PET tracer identifies which liposarcoma tumors may respond to chemotherapy
Researchers have identified a group of liposarcoma tumors that can be imaged by positron emission tomography (PET) scans using a tracer substance known as FAC. In addition, these tumors were found to be sensitive to chemotherapy.
Liposarcoma, the most common type of sarcoma, is an often lethal form of cancer that develops in fat cells. High mortality is due in part because the tumors are not consistently visible with PET scans using the common FDG probe and that the tumors frequently do not respond to chemotherapy.
The scientists used a metabolomic strategy that detected nucleoside salvage activity in liposarcoma cells taken from patient samples, cells grown in the laboratory, and cells grown in mouse models. The nucleoside activity was visible using PET with the UCLA-developed FAC probe (FAC PET). The FAC probe measures the activity of the DNA salvage pathway, which is a fundamental cell biochemical pathway that acts as a sort of recycling mechanism for DNA replication and repair.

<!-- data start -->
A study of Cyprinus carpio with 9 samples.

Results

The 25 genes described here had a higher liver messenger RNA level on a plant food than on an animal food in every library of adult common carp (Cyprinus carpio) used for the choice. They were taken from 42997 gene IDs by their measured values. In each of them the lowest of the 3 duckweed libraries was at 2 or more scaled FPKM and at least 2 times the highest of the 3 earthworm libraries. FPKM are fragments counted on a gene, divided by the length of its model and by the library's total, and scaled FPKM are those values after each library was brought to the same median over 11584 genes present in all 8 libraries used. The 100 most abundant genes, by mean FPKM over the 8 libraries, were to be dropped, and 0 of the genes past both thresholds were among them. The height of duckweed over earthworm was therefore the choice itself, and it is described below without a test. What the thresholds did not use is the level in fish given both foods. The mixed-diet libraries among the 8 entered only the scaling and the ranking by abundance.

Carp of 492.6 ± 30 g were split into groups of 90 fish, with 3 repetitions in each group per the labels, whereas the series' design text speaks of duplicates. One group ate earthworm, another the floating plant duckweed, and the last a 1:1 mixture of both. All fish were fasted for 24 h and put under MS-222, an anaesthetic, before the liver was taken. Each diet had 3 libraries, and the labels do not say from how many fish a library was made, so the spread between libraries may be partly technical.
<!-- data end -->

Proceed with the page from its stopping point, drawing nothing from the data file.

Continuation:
FAC was created by slightly altering the molecular structure of the standard chemotherapy drug gemcitabine. This study found that liposarcoma cells with high nucleoside salvage activity were sensitive to gemcitabine chemotherapy.
In clinical practice, this strategy may be able to identify which patients with liposarcoma would respond well to gemcitabine therapy at the time of diagnosis. This would save time on other treatments and possibly extend the lives of this subgroup of patients.
“It was a satisfying study because it has translational potential for liposarcoma patients now—and this is a deadly disease,” said Heather Christofk, PhD, of UCLA's Jonsson Comprehensive Cancer Center. “Our metabolomic strategy is also generalizable to treatment strategies for other cancers, and that is something we hope to do.”
Her coinvestigator Fritz Eilber, MD, also of UCLA, said, “This was an outstanding transdisciplinary project between a diverse group of physician scientists and basic scientists that translates molecular oncology from the laboratory to the clinic in a rapid and clinically relevant manner. The findings from this work can be used to directly impact the care of patients with this morbid and lethal malignancy.”
This study was published in Cancer Discovery (2012; doi:10.1158/2159-8290.CD-12-0197).